10 June 2020
Since the unprecedented mangrove dieback in 2015, James Cook University’s Dr Norm Duke has been leading a multi-Hub NESP project assessing the mangrove dieback in the Gulf of Carpentaria and whether recovery is occurring.
The sheer scale of the Gulf of Carpentaria coastline means that regular monitoring is a challenge. Through this project, Dr Duke has aerially surveyed 2,633km of Gulf coastline, but ongoing monitoring is critical to understanding mangrove recovery and identifying other unusual dieback events.
Carpentaria Land Council Aboriginal Corporation Rangers MangroveWatching on the Norman River, photo MangroveWatch.
To support this, the research team has produced a guide for Indigenous ranger groups along the northern Australian coastline to monitor mangrove condition using the MangroveWatch standardised shoreline assessment method. This guide establishes all the components and equipment settings so that groups can contribute standardised data to improve understanding of large-scale patterns in the Gulf’s important ecosystems.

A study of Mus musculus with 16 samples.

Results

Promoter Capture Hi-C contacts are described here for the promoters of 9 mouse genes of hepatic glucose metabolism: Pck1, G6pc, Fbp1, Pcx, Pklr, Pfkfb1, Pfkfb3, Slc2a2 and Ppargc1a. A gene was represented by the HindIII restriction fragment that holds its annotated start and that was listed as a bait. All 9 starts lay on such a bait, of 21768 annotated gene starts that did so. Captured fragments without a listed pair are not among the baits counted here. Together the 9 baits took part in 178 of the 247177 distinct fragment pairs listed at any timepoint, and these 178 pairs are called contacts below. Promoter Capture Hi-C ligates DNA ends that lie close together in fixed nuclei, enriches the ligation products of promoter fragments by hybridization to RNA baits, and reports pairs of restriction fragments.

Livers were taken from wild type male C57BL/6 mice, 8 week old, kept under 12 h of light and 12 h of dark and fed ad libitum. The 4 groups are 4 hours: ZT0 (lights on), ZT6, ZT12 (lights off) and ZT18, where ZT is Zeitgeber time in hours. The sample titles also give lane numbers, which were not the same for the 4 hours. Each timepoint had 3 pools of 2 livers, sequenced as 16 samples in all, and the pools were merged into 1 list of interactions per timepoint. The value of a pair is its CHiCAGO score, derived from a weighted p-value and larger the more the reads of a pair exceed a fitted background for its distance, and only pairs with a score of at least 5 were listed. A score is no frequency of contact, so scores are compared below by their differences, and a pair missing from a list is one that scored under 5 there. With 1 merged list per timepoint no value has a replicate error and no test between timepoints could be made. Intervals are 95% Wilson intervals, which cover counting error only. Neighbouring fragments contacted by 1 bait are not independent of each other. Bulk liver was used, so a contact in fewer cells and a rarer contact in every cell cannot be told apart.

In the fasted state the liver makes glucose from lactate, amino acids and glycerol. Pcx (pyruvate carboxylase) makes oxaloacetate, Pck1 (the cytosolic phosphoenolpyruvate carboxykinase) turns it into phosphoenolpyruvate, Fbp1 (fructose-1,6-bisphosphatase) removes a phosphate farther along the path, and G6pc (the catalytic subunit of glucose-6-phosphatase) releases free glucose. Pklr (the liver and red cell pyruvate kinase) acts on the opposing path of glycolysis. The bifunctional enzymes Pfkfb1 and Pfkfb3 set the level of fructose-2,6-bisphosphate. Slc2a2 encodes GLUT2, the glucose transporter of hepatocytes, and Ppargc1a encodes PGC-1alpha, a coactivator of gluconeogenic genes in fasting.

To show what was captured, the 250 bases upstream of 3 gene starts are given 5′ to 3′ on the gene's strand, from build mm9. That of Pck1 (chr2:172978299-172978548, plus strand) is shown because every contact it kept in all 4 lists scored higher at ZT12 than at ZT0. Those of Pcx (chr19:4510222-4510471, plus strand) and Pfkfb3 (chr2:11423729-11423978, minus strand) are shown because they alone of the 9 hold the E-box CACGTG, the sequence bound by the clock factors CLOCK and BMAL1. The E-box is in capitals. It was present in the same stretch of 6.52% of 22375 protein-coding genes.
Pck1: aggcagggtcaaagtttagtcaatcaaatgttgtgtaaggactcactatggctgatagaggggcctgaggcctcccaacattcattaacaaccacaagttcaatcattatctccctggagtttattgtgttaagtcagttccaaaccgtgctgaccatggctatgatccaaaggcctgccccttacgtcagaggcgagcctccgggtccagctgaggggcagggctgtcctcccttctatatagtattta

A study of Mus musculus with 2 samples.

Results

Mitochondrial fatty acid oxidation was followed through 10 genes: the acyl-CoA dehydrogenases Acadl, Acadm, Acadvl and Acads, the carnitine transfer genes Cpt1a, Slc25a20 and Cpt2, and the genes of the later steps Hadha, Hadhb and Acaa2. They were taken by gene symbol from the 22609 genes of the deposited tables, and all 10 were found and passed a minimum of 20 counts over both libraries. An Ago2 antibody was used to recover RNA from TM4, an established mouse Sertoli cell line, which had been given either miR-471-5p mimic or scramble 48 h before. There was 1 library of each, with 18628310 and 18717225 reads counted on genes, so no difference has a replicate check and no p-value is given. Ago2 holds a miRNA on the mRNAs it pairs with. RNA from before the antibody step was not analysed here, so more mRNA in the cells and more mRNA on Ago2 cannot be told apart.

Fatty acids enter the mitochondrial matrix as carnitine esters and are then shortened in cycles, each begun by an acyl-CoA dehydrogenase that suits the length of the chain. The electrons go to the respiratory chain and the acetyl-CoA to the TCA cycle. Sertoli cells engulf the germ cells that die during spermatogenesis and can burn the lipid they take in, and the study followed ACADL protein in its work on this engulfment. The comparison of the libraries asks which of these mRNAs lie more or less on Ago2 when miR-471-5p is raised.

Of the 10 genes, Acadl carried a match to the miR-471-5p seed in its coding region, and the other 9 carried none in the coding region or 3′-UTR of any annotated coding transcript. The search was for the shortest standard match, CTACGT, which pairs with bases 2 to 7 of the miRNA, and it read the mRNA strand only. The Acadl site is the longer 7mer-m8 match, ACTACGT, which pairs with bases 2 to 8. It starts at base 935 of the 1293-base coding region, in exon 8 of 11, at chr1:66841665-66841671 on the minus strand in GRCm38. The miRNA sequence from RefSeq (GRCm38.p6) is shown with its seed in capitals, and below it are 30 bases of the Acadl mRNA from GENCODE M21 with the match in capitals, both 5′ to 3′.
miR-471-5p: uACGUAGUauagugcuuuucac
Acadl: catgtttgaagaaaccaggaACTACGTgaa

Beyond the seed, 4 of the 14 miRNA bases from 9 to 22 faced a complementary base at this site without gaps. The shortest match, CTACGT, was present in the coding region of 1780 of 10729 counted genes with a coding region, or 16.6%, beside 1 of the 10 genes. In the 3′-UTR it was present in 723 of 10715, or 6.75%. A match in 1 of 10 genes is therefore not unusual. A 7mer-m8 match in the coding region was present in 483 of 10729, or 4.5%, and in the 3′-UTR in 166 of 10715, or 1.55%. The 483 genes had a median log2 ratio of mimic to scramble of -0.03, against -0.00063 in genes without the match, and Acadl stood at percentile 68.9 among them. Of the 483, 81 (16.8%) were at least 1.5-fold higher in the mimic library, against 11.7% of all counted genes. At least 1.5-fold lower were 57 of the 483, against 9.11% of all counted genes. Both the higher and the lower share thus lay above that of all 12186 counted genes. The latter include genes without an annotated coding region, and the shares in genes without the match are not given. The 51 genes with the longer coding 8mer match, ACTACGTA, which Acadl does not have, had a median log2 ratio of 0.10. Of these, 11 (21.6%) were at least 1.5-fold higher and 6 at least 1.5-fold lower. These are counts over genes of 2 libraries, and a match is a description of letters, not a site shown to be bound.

[See original media release and more images at AI transforms Kakadu management.] Microsoft is partnering with Kakadu National Park […]
New Hub research conducted at James Cook University has found environmental DNA (eDNA) can be used to detect the presence […]
More than 100 Indigenous contributors have created the first Indigenous-led guidelines on how to best strengthen and share Indigenous knowledge […]
Our Northern Hub Newsletter highlights what's going on in our research projects across northern Australia. It includes latest findings, what's coming up and what this all means for sustainable development and land and water management in the region.
Want to know more about Hub activities and the development of northern Australia? Stay informed of activities, research, publications, events and more through the Hub Newsletter.